Sexual orientation discrimination bills heard by legislation committee

By Reed Samson, NewsNetNebraska

Jill Lisky-Clark, representing Lincoln’s business community, said people should be judged strictly on performance and not sexual orientation.

“Discrimination based on sexual identity is an economic development issue,” she said.  “The workforce needs the most qualified people to remain competitive nationally and globally regardless of sexual preference.”

Clark was one of many who offered testimony last week before the Legislature’s Judiciary Committee hearing on three bills concerning discrimination of gay, lesbian, bisexual and transgender citizens.

Legislative Bill 485, introduced by State Sen. Danielle Conrad of Lincoln, would prohibit discrimination of sexual orientation in the workplace.

“I introduced LB 485 because I believe that in 2013 no one should be fired for who they are and who they love,” she said.

LB 380 introduced by State Sen. Sara Howard of Omaha seeks to remove marital status as a reason two persons would not be able to adopt a child.

“Could you and I adopt a baby?”  Judiciary member State Sen. Colby Coash said.

“Presumably we would have to be living together to show we have a stable and loving home,” Howard said.

The second bill, LB 385, introduced by State Sen. Jeremy Nordquist of Omaha says couples looking to become foster parents would not be discriminated against according to race, color, religion, sex, sexual orientation, gender identity, disability, marital status or national origin.

“Foster care is better than institutionalized care,” Nordquist said.  “We are ensuring that we have the maximum number of placements available and we are not discriminating against sexual orientation.”

In 1995, a memo from then-Social Services Director Mary Dean Harvey was based on the state’s intent to place children in the “most family-like setting when out-of-home care is necessary.”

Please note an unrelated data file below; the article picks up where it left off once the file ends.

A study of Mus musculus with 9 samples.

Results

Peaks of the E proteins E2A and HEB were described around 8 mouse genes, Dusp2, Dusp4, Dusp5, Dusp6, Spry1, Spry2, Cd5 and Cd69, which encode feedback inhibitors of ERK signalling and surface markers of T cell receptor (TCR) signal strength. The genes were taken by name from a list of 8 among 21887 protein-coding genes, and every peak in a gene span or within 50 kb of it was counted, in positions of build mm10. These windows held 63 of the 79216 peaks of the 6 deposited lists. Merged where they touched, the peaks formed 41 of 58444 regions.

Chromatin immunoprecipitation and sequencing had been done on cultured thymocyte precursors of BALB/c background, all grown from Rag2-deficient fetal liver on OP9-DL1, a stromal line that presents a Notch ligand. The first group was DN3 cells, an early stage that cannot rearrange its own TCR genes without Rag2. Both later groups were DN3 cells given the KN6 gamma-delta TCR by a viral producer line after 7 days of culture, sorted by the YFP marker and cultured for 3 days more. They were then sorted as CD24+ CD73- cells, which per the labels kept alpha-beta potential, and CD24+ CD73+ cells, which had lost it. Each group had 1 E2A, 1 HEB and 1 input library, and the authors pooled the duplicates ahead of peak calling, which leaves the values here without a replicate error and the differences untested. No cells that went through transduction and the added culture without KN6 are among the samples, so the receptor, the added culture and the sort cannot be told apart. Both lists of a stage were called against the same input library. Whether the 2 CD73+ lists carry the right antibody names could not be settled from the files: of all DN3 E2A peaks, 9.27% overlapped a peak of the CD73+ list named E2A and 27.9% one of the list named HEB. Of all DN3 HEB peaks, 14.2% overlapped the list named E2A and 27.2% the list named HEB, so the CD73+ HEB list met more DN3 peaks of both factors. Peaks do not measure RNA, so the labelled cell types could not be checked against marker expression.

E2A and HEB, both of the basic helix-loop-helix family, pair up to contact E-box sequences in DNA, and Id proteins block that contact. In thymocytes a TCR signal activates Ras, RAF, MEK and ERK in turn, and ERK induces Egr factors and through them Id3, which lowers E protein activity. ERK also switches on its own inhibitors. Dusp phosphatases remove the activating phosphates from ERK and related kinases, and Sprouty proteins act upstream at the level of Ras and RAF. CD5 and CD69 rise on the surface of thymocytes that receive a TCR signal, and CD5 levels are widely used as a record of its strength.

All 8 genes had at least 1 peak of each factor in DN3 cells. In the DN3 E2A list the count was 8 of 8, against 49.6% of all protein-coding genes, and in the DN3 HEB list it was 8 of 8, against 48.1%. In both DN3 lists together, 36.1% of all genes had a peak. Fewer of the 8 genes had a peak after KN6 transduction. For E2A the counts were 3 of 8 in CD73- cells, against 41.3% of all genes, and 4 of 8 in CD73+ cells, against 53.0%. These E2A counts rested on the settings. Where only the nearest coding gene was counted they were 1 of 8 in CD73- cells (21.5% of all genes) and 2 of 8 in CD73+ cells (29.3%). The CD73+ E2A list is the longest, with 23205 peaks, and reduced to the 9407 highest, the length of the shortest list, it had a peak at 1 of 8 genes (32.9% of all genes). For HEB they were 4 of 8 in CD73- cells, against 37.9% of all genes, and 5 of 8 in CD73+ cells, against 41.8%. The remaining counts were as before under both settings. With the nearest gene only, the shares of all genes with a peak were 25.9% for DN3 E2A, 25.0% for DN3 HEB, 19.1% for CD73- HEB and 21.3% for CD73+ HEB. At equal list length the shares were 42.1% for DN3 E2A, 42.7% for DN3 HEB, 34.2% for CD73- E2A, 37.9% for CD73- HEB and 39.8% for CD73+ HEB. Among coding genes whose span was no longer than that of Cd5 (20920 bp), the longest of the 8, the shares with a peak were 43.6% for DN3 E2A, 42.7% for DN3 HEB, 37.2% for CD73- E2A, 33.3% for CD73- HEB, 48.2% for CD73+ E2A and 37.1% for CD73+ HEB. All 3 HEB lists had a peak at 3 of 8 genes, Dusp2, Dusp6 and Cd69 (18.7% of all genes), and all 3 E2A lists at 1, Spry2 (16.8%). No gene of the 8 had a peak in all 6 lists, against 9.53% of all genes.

The policy said that children “will not be placed in the homes of persons who identify themselves as homosexuals.” In addition, no foster home licenses “shall be issued to persons who identify themselves as homosexuals.”

Now, the American Psychological Association says there is no evidence to suggest that lesbian women or gay men are unfit to be parents, or that psychosocial development among children of lesbian women or gay men is compromised relative to that among offspring of heterosexual parents.

“We know what makes good parents,” Nordquist said.  “They are not reserved for those who are straight.”

Amy Miller, legal director of the Nebraska chapter of the ACLU, testified in support of all three bills to ensure that everyone has access to the same opportunities and protections.

“Every person has a sexual orientation and a gender identity,” she said.  “LB485 simply adjusts the existing law to protect (lesbian, gay, bisexual and transgendered) employees, just as it currently protects employees based on characteristics like race, sex, religion, national origin and disability.”

Al Riskowski, executive director of the Nebraska Family Council, testified against Conrad’s measure.

“This attempt to solve employment discrimination based on sexual orientation causes numerous unintended consequences,” he said. “This bill would create a very unique protected class. All other current protected classes are limited to identifying a clearly definable group, such as race, disability, age, etc.

“LB485 prohibits discrimination based upon sexual orientation. In this unique situation you prohibit discrimination not just of a group of people but it also extends to their behavior. The protection of behavior is where many unintended consequences develop.”

The judiciary committee listened to nearly five hours of testimony March 14 before a very large, and largely split, audience.